Venu and the buffaloes*
The Society of the Divine Word
By Julie Rattey
It was nearly dusk in the forests of Andhra Pradesh, India, and Venu, 10, watched eagerly as the shadows of the brown buff aloes he was tending grew longer and longer on the grass. “Time to go!” he crowed, springing to his feet. One lone buffalo turned its head, the spread of horns, dark eyes, and large snout expressing world-weary disdain.
“That’s enough grazing for you,” Venu teased. He herded his 20 stout charges toward the house of his employer, a family of a higher caste than his own that lived in the neighboring village. As he walked, he hummed a tune popular among his tribe of the Gothi Koya. He remembered singing that same song five years ago, while walking with tired feet alongside his parents, brothers and sisters, and all their animals from the forests of the state of Chattisgarh to their new home in Andhra Pradesh, where they, along with others, hoped to start a better life away from fighting between Maoist extremists and the civil government.
Venu blinked in confusion as he saw the very sister he was thinking of walking toward him.
“Naveena! What are you doing here?” Naveena’s delight at finding her brother turned quickly to embarrassment. “I ran away,” she said. “After lunch a group of us left and walked all day to return to the village.” She fell silently into step with her brother. “They’re nice to us, Venu, but I don’t like living away from home.”
“There aren’t any other schools nearby, Naveena,” Venu said gently. “How will you learn?”
“I don’t have to,” Naveena said, sticking out her lower lip a little like she used to when she was a baby. “Like Mama and Papa say, it won’t matter when I am married. Besides, I like helping out with the animals.”
“You want to do that for the rest of your life?” “Maybe. Mama and Papa do.”
They didn’t have the choice of going to school like we do.” “You sound just like Father Luke, our teacher,” complained Naveena. “Stop talking about school. Aren’t you glad to see me?”
“Of course I am.”
“Then no more school talk. If you like it so much, why don’t you go instead?”
A few months later, after having taken his sister’s place in Bayyaram, Venu found himself wondering whether he mightn’t prefer tending buff aloes after all. As Naveena had said, the people at school were friendly, but he was homesick for his stick-and-mud hut and for his family. After lunch one day, he swallowed his pride and joined a small group of boys leaving for the village. The following day, he was back tending buff aloes.
The familiarity of the task was comforting at first, but he quickly found himself more restless than ever. When his teacher Father Luke arrived a few days later on his motorbike, with dust in his salt-and-pepper hair and words of encouragement on his lips for the homesick children who had run away, Venu began wondering if he’d made the right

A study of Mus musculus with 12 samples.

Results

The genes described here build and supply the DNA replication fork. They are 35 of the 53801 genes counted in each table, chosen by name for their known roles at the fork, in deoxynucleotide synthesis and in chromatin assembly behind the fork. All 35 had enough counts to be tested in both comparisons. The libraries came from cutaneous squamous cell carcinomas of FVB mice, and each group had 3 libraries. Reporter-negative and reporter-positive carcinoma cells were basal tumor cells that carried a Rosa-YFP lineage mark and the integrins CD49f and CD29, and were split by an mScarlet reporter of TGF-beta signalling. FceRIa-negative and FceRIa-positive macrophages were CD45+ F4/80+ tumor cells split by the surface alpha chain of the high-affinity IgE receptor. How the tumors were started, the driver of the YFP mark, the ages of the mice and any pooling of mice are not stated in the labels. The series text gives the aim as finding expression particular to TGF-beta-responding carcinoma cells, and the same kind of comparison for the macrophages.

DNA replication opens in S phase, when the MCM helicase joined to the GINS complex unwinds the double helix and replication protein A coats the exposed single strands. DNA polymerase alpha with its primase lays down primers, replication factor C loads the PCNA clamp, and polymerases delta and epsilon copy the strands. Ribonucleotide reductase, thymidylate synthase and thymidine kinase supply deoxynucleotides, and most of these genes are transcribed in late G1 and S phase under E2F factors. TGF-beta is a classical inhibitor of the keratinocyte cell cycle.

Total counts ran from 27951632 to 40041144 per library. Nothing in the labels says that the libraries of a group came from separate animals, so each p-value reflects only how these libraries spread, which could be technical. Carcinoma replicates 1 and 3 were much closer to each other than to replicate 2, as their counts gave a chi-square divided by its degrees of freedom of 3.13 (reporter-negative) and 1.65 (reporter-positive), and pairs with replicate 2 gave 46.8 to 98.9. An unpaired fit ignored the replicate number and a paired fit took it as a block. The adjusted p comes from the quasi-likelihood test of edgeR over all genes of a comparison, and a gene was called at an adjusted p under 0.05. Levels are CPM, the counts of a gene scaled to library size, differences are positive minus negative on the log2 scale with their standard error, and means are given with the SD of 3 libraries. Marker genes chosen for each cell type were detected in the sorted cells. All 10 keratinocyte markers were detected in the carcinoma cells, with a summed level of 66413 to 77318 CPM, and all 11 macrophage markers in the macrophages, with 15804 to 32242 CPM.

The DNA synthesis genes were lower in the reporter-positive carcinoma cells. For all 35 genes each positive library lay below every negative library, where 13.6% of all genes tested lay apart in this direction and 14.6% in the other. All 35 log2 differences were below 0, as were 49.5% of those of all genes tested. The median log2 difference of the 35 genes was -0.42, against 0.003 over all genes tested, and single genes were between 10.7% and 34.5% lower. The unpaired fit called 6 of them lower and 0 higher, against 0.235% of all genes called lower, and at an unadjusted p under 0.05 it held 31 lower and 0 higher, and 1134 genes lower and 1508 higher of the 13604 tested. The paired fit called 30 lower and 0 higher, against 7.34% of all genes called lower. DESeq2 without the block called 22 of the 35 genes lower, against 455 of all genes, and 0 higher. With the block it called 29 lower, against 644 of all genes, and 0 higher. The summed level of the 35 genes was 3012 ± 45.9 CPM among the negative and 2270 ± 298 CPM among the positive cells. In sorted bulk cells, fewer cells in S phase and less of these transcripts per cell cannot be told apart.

“We are always happy to have you if you wish to return,” Father Luke had said gently to them all. “You are always welcome.”
Those words seemed to fill the air around Venu now, as he sat once again on the grass with the buff aloes, willing the shadows to lengthen and yet anticipating a strange kind of emptiness in the evening ahead. If I do not return to school, he thought, this will always be my world. Venu tried to imagine himself as a teenager, then a young father, then an old man in this place, grazing buff aloes and watching a succession of seasons pass before his eyes. The thought sent a shiver of disquiet through his body. If he stayed at home, he would never learn more about art — a talent he had discovered at school — or have the chance to transform his love of sports and knack for helping other children into the first career he had ever thought of exploring — teaching physical education. That night, he decided, he would tell his parents he was returning to Bayyaram.
“Venu, that is the third time you have nearly dropped that bowl,” sighed Venu’s father as
the family was washing dishes one Saturday morning.
“I’m sorry, Father,” Venu mumbled.
“I can only hope Father Luke arrives before all our dishes end up broken on the floor,” his mother teased, dipping her plate into the bucket of water from the nearby stream.
Venu was now 14, and his first few years of hard study had brought him to an important turning point. He had just finished taking the exam that would determine whether or not he would attend high school — and be able to pursue his desired career. Venu had found the exam difficult; since his return home he had hardly been able to think of anything but whether he had passed. His parents, though understanding, were beginning to grow a little weary of Venu’s habit of jumping whenever he thought he heard Father Luke’s motorbike. Twice already his mother had had to rescue a cup or plate from his trembling grip.
When the sound of wheels on dirt finally announced the priest’s arrival, Venu nearly stumbled in his haste to dart outside and greet his teacher. Father Luke, not wishing to prolong his anxiety, smiled and handed him a piece of paper from the pocket of his trousers. It was a list of names. Venu’s eyes raced down the paper until he found his own.
“I passed!” he said wondrously.
“So,” Father Luke said, “what new challenges have you set aside for yourself this summer?”
Venu thought for a moment, then grinned. “I think it’s time my sisters came to school, don’t you?” CD
* Based on the story of Gundi Venu. Research for this story was conducted with the assistance of Father Luke Mundackal, SVD.